Creating an elearning course is the amalgamation of science and art in a manner where we can easily store and retrieve information. Storage of information in our brains is a passive process in the sensory memory as short term memory or the more permanent form as a long term memory.
Memories are not stored in our brain as books on a library shelf but must be actively reconstructed from various elements scattered around the various areas of the brain through an encoding process. These different stages of memory function as a kind of filter to protect us from an overload of information on a daily basis. They discard the short term memory after a period of time or turn them into long term memory with the right connections to be retrieved later and presented to the brain.
eLearning content development utilises this science of brain cognition and data retrieval in a manner to enhance the overall knowledge of any human being. The short term memory gets turned into long term memory with repeated use of the same information presented in different manners which is the basis of using various elements like text, images or learning infographics in a course. This long term memory through a yet not well known process in the brain gets consolidated in the memory as a habit after being stabilised in the memory with repeated use.
Any good elearning content development thus focuses on turning the short term memory of a process, a principle, a technique, etc. into long term memory which can then be used by the learner in a meaningful manner at a later date. This storage of memory is thus an ongoing process which reclassifies the neural pathways continuously along with the normal processing of the brain.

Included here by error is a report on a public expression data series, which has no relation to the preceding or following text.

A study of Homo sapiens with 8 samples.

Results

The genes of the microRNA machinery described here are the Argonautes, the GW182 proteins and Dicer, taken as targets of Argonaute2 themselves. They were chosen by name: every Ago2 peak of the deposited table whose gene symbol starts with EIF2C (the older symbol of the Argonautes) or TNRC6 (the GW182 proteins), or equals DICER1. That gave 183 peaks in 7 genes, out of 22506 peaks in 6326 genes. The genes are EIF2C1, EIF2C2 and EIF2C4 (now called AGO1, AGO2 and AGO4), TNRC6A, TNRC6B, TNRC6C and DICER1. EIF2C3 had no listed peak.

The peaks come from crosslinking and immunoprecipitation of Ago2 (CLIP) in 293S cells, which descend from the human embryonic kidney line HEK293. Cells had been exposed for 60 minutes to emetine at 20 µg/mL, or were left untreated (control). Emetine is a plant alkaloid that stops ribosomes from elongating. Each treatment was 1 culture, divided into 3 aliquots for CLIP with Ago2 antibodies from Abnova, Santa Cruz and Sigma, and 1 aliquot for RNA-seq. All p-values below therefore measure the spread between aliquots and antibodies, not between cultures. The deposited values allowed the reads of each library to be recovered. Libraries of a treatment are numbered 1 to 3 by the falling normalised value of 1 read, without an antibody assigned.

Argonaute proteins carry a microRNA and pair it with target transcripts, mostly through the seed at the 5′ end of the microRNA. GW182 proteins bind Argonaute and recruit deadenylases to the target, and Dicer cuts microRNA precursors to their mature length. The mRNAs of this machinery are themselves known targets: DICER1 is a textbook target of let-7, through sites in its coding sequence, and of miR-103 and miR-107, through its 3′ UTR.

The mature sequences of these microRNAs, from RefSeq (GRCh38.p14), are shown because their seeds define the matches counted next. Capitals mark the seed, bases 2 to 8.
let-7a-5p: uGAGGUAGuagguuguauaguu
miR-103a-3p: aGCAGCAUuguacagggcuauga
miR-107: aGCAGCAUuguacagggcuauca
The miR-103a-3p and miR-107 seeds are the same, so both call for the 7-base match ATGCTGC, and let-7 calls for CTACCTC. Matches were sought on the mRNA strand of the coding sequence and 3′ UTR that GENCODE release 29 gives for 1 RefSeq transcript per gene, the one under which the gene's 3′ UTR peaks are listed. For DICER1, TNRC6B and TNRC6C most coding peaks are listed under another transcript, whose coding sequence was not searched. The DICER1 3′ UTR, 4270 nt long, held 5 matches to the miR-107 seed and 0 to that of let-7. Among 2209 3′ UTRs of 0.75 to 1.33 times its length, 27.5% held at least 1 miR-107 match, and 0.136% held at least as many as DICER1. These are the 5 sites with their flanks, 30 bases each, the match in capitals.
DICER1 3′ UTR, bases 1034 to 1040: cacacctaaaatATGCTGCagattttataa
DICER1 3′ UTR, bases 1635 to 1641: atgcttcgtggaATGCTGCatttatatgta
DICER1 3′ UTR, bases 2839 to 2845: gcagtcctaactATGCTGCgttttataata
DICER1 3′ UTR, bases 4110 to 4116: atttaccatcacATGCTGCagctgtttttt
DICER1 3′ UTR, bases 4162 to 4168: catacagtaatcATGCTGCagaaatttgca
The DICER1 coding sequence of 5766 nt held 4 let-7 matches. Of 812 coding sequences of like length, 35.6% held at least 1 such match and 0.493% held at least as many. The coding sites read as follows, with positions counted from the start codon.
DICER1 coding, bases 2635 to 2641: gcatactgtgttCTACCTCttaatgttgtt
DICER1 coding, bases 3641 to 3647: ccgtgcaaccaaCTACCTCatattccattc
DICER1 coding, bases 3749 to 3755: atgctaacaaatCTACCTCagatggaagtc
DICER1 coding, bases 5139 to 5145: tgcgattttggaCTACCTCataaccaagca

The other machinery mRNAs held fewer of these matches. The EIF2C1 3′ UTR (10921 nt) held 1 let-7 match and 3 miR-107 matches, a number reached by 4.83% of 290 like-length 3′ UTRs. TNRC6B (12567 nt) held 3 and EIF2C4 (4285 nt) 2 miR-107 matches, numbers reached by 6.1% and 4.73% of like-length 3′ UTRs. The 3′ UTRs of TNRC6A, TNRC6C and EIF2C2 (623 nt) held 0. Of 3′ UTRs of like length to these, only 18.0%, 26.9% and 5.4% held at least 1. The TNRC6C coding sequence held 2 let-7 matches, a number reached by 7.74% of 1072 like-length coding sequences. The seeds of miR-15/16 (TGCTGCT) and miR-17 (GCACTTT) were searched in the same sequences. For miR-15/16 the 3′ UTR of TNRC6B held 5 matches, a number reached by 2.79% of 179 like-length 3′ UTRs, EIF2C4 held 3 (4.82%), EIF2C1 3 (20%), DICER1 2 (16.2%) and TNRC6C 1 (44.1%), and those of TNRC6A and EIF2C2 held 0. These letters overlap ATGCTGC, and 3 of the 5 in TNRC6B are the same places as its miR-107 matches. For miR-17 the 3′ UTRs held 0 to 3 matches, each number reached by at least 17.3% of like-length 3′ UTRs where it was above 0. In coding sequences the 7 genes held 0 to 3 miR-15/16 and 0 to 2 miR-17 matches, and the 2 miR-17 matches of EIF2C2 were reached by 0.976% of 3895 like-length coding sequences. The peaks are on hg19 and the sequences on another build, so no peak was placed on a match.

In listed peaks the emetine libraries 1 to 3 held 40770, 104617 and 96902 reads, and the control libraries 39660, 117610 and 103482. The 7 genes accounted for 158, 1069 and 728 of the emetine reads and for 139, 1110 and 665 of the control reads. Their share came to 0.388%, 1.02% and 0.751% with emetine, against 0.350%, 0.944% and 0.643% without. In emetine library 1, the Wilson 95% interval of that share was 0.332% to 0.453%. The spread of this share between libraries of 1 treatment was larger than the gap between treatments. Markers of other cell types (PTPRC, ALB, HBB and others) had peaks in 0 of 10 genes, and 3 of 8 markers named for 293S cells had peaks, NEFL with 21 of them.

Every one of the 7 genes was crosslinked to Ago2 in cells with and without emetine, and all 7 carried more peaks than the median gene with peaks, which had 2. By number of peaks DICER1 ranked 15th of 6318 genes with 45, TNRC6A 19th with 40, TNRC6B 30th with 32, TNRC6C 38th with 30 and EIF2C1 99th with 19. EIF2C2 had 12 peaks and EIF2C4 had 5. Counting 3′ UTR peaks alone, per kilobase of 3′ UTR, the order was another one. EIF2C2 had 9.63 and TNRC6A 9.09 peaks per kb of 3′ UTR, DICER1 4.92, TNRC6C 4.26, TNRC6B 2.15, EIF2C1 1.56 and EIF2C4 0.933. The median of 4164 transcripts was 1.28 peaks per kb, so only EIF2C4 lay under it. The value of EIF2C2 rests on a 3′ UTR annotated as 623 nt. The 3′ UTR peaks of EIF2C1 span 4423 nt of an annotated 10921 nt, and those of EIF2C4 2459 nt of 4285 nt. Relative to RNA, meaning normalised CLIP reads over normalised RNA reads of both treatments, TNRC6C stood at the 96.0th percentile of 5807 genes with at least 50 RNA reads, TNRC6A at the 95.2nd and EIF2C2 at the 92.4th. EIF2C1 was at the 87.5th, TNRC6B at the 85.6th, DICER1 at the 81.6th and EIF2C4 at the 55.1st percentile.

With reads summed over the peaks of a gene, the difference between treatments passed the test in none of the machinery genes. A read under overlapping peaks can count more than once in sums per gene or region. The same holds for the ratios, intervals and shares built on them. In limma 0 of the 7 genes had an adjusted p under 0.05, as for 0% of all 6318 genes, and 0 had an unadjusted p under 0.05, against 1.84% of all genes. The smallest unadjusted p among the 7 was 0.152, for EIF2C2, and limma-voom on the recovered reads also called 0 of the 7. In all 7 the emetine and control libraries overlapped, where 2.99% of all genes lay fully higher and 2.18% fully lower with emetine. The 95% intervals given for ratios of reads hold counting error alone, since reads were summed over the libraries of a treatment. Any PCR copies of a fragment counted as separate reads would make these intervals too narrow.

The use of learning infographics in the form of actual photographs, icons, graphs, charts, vectors and other graphical items is not just a means used by elearning content development to catch the eye, but also to provide relevant information through which the brain may encode it properly to be used at a later date. A few techniques utilized by many elearning content development services thus focus on:
- Grabbing learner’s attention: Use visual cues in the form of arrows to present the most relevant piece of information on the screen. A good practice is to use the image of a human who is looking at the same place as we tend to follow the gaze of others.
- Group similar items: Objects in a chart or table are grouped as per their similarity which helps make a connection and learn a concept easily.
- Ban stock photos: Use of cliched images like a bundle of money tend to make our brain skip over. Instead, use photos only where they provide a visual clue or are relevant to the subject at hand. Use human faces with expressions instead, which we as social animals tend to follow more than inanimate objects or animals.
- Crop the image: Our eyes tend to move from the bottom to the left and then right of any screen. The most lucrative part of your screen to elicit interest is the upper left part.
The power of visual is undeniable and using them properly can make the difference between your learner gaining any knowledge or not from your particular course. Choose wisely.